As I’ve written in the past, New Hampshire has a lead problem. With the oldest housing stock in the country, and with laws that are simply too weak to protect our kids, every year several hundred more children are diagnosed with lead poisoning. According to the state’s most recent data, 741 New Hampshire kids tested positive for blood lead levels at or above the Centers for Disease Control’s recommended intervention level of 5 micrograms per deciliter – up from 634 in 2015. And because not nearly enough children are being tested, the actual number of cases each year in New Hampshire is likely much higher.
Given the lifelong impacts of lead poisoning, such a high rate of cases is a tragedy for families and our communities. It’s also entirely preventable.
New Legislative Solutions Will Protect More Kids
Fortunately, thanks to the efforts of a persistent group of stakeholders and the strong leadership and support of key lawmakers – Governor Sununu, Senators Dan Feltes and Jeb Bradley, and Representatives Frank Byron and Neal Kurk, to name a few – New Hampshire will be adopting much-needed protections for New Hampshire’s kids. Signed into law on February 8, 2018, SB 247 strengthens our state’s existing lead laws in the following important ways:
- It makes New Hampshire a “universal testing” state, meaning that all one- and two-year-old children will be tested for the presence of lead, with associated costs covered by insurance. This important change will dramatically increase the number of kids currently being tested for lead poisoning, ensuring better protection for many more children.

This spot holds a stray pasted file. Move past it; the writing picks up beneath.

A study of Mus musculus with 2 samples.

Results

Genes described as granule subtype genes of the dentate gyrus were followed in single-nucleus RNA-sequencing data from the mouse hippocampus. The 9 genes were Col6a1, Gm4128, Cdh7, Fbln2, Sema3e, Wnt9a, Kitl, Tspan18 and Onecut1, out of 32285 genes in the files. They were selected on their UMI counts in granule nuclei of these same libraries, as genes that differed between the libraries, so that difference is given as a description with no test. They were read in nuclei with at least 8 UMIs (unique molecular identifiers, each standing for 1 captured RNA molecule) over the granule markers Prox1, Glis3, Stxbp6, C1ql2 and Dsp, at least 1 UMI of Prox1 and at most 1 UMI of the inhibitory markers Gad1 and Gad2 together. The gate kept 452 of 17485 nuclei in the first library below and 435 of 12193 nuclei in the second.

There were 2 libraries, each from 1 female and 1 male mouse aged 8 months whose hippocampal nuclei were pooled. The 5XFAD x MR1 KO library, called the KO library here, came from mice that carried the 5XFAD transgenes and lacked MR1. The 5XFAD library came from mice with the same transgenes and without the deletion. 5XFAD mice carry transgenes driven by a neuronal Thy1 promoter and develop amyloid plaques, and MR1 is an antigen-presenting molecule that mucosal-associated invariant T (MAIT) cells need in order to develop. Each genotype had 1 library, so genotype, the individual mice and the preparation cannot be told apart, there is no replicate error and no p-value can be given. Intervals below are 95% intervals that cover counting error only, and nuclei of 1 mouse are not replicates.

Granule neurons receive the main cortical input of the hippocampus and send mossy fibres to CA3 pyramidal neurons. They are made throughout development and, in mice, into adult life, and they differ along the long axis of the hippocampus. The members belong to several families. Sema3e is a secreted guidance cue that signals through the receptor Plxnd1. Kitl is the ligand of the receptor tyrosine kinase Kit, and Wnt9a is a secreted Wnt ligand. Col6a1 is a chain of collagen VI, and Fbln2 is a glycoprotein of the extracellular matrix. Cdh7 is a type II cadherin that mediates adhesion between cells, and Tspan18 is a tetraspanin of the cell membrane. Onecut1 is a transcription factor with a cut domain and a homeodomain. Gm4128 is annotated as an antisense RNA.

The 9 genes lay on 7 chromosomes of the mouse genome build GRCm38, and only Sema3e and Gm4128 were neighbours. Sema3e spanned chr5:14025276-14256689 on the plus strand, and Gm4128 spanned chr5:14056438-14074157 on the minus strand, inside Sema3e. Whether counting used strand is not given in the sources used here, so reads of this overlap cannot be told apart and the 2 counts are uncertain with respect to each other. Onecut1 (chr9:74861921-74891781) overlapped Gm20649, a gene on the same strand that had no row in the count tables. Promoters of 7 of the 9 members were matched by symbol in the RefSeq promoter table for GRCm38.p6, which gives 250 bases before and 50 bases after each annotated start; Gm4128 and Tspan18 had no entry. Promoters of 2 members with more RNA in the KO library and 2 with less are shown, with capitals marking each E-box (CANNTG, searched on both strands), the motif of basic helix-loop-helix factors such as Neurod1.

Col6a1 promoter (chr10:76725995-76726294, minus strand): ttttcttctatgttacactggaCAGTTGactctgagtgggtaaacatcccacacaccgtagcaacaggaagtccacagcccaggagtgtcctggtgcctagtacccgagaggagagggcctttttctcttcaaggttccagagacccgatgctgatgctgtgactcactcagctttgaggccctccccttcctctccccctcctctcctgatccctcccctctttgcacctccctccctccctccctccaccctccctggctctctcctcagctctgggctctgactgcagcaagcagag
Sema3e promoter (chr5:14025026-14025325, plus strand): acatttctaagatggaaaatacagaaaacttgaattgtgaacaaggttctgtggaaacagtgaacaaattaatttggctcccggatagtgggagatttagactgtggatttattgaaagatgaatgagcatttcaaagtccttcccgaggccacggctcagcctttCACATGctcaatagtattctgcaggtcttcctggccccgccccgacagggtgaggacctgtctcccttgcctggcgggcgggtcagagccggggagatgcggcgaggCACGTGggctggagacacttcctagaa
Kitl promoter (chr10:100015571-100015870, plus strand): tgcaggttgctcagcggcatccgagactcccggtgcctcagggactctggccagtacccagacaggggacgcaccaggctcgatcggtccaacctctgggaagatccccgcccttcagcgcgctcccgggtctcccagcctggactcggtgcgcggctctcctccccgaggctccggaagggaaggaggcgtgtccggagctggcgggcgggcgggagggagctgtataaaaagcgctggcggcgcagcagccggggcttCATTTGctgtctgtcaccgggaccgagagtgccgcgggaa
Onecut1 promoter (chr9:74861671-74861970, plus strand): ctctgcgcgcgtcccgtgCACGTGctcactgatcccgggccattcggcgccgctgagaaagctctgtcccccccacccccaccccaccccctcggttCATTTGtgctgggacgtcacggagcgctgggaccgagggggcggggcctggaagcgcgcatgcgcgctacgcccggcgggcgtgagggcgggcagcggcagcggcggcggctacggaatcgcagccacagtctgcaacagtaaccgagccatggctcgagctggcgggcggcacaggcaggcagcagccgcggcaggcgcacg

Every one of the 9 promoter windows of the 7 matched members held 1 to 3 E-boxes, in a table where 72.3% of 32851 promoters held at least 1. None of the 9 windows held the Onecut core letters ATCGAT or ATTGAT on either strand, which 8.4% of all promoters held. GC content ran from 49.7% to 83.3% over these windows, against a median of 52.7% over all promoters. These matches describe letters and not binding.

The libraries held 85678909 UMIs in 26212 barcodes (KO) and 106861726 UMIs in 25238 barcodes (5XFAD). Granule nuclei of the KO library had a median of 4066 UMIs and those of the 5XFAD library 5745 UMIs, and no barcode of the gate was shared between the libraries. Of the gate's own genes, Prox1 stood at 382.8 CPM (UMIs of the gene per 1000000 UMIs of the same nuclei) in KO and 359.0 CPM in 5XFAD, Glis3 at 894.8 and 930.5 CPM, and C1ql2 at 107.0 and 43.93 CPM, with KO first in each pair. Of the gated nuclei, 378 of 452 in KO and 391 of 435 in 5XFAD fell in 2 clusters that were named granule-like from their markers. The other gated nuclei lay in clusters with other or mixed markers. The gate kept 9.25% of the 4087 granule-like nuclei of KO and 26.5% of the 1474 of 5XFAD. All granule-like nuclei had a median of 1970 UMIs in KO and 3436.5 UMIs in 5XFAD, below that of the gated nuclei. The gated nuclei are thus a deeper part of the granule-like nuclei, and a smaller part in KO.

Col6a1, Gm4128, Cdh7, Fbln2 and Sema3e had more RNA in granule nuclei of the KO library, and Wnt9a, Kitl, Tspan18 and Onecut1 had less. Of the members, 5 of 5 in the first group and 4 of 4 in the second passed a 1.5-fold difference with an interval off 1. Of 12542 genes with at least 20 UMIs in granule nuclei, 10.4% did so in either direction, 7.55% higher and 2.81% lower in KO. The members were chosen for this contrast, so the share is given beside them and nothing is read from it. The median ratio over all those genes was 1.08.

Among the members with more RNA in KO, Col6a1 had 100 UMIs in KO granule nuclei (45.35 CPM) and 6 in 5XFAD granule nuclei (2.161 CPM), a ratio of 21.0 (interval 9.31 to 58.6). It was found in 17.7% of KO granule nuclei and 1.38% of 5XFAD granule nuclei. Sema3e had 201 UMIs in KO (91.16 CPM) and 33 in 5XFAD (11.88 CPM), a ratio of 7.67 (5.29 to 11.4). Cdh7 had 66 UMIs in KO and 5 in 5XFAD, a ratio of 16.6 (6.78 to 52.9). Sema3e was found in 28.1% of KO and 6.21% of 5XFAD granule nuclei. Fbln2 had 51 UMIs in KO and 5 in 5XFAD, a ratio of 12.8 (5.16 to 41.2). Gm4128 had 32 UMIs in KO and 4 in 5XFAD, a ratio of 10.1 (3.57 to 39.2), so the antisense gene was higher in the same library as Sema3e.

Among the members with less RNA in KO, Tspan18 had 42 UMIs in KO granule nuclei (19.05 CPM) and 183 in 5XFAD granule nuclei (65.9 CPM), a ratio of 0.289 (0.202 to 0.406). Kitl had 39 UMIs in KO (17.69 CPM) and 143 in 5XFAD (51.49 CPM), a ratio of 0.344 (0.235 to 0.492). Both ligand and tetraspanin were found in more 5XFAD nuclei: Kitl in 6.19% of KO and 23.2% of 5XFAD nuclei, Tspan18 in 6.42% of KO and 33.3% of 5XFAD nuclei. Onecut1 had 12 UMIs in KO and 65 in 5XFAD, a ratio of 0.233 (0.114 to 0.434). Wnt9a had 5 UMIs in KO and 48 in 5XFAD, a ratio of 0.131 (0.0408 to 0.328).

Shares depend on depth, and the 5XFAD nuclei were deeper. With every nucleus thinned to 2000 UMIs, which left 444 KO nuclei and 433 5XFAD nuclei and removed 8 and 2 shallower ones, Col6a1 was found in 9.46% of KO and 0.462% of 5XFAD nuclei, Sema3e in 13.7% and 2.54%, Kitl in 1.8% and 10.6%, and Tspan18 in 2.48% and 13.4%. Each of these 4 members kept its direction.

- It aligns New Hampshire’s “action level” – the blood lead level triggering intervention by the state’s Department of Health & Human Services – to be consistent with the Centers for Disease Control’s recommended standard. Our current action level is a blood lead level of 10 micrograms per deciliter, twice the CDC’s recommended level. The new law will phase in a standard of 7.5 in July 2019, and then 5 in July 2021.
- It establishes requirements to address potential exposures to lead in drinking water. Any time a child is found to have an elevated blood lead level, the state will be required to test the home’s drinking water for the presence of lead. Schools and childcare facilities will now be required to test their drinking water and to undertake remedial measures if lead is detected above Environmental Protection Agency standards.
- It requires the state to provide information to parents and landlords when a child is diagnosed with a blood lead level of just 3 micrograms per deciliter. This required outreach will be critical to encouraging parents and landlords to identify and address lead exposures early, before a child’s blood lead level increases to higher, more dangerous levels.
- It provides additional resources to assist property owners in eliminating lead hazards. Under existing programs, funds are available from the U.S. Department of Housing & Urban Development to help property owners to remove lead hazards. In addition to these funds, property owners and childcare centers will now have access to a state loan guarantee program.
Every End is a New Beginning
The passage of SB 247 is the culmination of 18 months of hard work and a lengthy legislative process. And it’s a major, much-needed step forward in addressing the ongoing problem of childhood lead poisoning. But as with all complex issues, there are no silver bullets, and there’s more work to be done. It goes without saying that the health of our kids is worth it.
Finally, we hope you’ll join us in thanking the many elected officials who made this achievement possible. Please take three minutes today to provide a brief thank you message. We’ll compile it with others and deliver them to our legislative champions.
Before you go… CLF is working every day to create real, systemic change for New England’s environment. And we can’t solve these big problems without people like you. Will you be a part of this movement by considering a contribution today? If everyone reading our blog gave just $10, we’d have enough money to fund our legal teams for the next year.